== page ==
It’s only a prototype, but FlexEnable’s wrist-hugging vision of a smartwatch has got me feeling ever so slightly optimistic about one of the worst gadgets of them all. I played with the Cambridge-firm’s creation at MWC this morning, and though it’s a looooong way away from being a finished product, it’s reassuring to see a dramatically different alternative to the current versions of the Apple Watch, LG Watch Urbane (and other such monstrosities) on the market right now. could and should be dramatically overhauled in the next couple of years.
The firm’s pushing super-flexible LCD displays, which can wrap around your wrist to form something that looks a lot like the the device pictured in those ‘iWatch leaks’ a couple of years back. Dr Vincent Barlier, the company’s senior business development engineer, tells me these plastic displays are cheap to make, and that he’s currently working with a number of device manufacturers (unnamed, of course) to bring proper, bendy gadgets to market.
As you can guess from looking at the size of its prototype smartwatch, FlexEnable isn’t a product specialist. Though its creation’s 4.7-inch display is massive and crying out to be prodded and swiped, it unfortunately isn’t touch-sensitive, though Barlier tells me that integrating a flexible touchscreen is a straightforward process that’s already been done by a pair of firms called PopSlate and Plastic Logic.
Within 18 months, FlexEnable expects its product to feature in wearables, mobile phones and car displays, though I’m mainly interested in how Barnier thinks flexible touchscreens could shape the future of smartwatches. As things stand, smartwatches are still solutions looking for problems. They’re expensive, extremely limited and, more-often-than-not, poorly-designed.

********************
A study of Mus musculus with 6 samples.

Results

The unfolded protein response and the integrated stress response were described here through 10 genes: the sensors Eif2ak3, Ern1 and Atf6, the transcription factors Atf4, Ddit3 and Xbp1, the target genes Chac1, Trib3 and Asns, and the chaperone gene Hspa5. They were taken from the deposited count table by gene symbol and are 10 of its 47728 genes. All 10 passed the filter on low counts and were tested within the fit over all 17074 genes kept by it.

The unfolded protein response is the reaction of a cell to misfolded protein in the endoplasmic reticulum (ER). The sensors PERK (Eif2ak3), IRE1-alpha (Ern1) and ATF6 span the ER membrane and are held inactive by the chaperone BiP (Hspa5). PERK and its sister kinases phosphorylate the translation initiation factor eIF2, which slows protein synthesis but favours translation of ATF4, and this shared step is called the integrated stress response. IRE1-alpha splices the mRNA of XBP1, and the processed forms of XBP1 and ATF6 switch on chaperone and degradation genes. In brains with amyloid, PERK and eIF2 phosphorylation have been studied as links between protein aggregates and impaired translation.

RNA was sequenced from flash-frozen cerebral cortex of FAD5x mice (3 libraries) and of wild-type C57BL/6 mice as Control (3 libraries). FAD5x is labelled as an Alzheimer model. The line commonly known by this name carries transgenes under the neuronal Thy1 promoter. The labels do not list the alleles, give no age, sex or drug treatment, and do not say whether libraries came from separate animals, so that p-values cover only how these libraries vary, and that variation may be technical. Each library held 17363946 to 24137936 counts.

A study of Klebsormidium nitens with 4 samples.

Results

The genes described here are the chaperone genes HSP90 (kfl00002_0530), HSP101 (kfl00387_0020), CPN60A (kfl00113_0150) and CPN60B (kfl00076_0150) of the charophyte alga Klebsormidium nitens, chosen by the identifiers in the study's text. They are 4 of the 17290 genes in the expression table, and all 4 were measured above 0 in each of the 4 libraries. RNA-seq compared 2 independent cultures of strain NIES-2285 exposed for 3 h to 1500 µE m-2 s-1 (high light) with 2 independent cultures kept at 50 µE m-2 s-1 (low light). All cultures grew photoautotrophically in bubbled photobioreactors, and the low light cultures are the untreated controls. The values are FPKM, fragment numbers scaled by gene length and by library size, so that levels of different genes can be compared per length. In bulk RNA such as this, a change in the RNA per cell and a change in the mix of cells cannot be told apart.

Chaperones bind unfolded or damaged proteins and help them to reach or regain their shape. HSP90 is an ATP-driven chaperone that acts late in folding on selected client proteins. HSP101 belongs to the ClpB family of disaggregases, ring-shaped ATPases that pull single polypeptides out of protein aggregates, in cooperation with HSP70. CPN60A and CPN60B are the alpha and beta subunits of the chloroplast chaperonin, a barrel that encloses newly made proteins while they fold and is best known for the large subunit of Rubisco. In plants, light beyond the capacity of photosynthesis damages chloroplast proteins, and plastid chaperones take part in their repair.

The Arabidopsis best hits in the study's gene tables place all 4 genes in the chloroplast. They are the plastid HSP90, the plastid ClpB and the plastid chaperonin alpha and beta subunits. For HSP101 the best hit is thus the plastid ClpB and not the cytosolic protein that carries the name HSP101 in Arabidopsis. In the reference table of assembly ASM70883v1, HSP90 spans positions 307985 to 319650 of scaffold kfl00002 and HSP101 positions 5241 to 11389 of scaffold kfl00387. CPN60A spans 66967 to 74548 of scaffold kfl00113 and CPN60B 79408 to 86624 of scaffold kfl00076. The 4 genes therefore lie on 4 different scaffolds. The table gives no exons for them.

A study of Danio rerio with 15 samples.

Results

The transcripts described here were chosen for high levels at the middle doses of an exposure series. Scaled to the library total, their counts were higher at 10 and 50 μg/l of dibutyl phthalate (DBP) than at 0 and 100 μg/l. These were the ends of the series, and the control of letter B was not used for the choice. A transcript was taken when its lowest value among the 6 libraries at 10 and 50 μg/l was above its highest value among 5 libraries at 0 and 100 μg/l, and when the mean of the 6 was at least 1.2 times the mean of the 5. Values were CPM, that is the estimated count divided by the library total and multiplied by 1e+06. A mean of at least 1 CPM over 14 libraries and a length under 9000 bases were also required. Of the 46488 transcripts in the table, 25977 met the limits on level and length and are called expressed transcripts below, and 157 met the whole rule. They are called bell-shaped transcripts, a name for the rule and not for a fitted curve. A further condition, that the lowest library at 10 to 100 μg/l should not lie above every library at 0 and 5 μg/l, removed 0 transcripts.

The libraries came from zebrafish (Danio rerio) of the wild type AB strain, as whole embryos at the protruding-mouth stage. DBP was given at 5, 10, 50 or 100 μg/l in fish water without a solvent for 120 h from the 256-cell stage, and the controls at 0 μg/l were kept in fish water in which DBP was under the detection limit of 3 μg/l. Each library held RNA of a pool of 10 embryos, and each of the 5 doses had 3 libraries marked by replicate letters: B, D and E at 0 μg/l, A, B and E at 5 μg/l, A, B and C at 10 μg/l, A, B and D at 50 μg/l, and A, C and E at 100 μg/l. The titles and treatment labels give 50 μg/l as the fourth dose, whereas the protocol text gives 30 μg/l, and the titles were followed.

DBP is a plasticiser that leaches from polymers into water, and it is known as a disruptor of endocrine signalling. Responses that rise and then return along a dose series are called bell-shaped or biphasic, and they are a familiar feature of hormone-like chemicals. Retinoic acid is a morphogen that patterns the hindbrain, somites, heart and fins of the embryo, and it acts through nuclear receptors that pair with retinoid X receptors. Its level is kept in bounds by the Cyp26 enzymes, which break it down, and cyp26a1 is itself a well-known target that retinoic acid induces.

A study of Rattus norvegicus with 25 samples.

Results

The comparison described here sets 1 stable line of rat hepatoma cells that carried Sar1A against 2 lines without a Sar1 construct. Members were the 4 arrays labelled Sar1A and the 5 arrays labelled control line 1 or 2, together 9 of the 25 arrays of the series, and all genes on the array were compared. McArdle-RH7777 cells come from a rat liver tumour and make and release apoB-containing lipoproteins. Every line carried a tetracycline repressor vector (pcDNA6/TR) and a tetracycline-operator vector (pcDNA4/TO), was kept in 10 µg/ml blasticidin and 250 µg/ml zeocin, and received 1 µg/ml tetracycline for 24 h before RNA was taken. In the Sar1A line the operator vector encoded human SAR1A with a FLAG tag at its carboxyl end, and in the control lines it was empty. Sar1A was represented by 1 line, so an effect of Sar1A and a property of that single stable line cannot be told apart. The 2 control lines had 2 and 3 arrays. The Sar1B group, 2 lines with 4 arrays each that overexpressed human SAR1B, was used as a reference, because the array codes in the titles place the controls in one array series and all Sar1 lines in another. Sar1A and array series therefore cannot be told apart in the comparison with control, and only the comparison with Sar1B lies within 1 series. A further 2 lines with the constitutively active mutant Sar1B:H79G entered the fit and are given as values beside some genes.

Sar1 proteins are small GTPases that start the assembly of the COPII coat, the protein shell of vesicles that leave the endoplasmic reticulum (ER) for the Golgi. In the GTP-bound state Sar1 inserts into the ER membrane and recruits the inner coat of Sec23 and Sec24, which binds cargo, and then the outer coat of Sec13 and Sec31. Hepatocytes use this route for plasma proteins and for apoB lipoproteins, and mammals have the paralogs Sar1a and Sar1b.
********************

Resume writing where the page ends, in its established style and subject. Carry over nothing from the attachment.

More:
“The smartwatch’s only limitations are size and form factor,” Barnier says. “The Apple Watch screen is too small. If you increase its size, it could become a primary device. There’s no fundamental reason that can’t happen.”
At this point, I’m genuinely frustrated that the sample on show isn’t touch-sensitive. Though it’s clearly oversized, it’s oddly attractive and incredibly comfortable, thanks to a wide, elastic strap. Though I managed to drop it on the floor at one point (butter fingers), it suffered zero damage, which I was both impressed with and incredibly relieved about.
As you can see from the images above, colours look a little dull and glare is a slight issue, but in my time with it animations were smooth and text -- whole lines of the stuff, rather than snippets followed by an ellipsis -- was clear enough to read without leaning in ridiculously close. Further work is obviously required, but this is promising.
Is this the future of the smartwatch? I'm not sure, but FlexEnable's vision is well worth exploring. Smartwatches as we know them need to change sharpish, and flexibility and increased screen sizes represent a couple of steps in the right direction.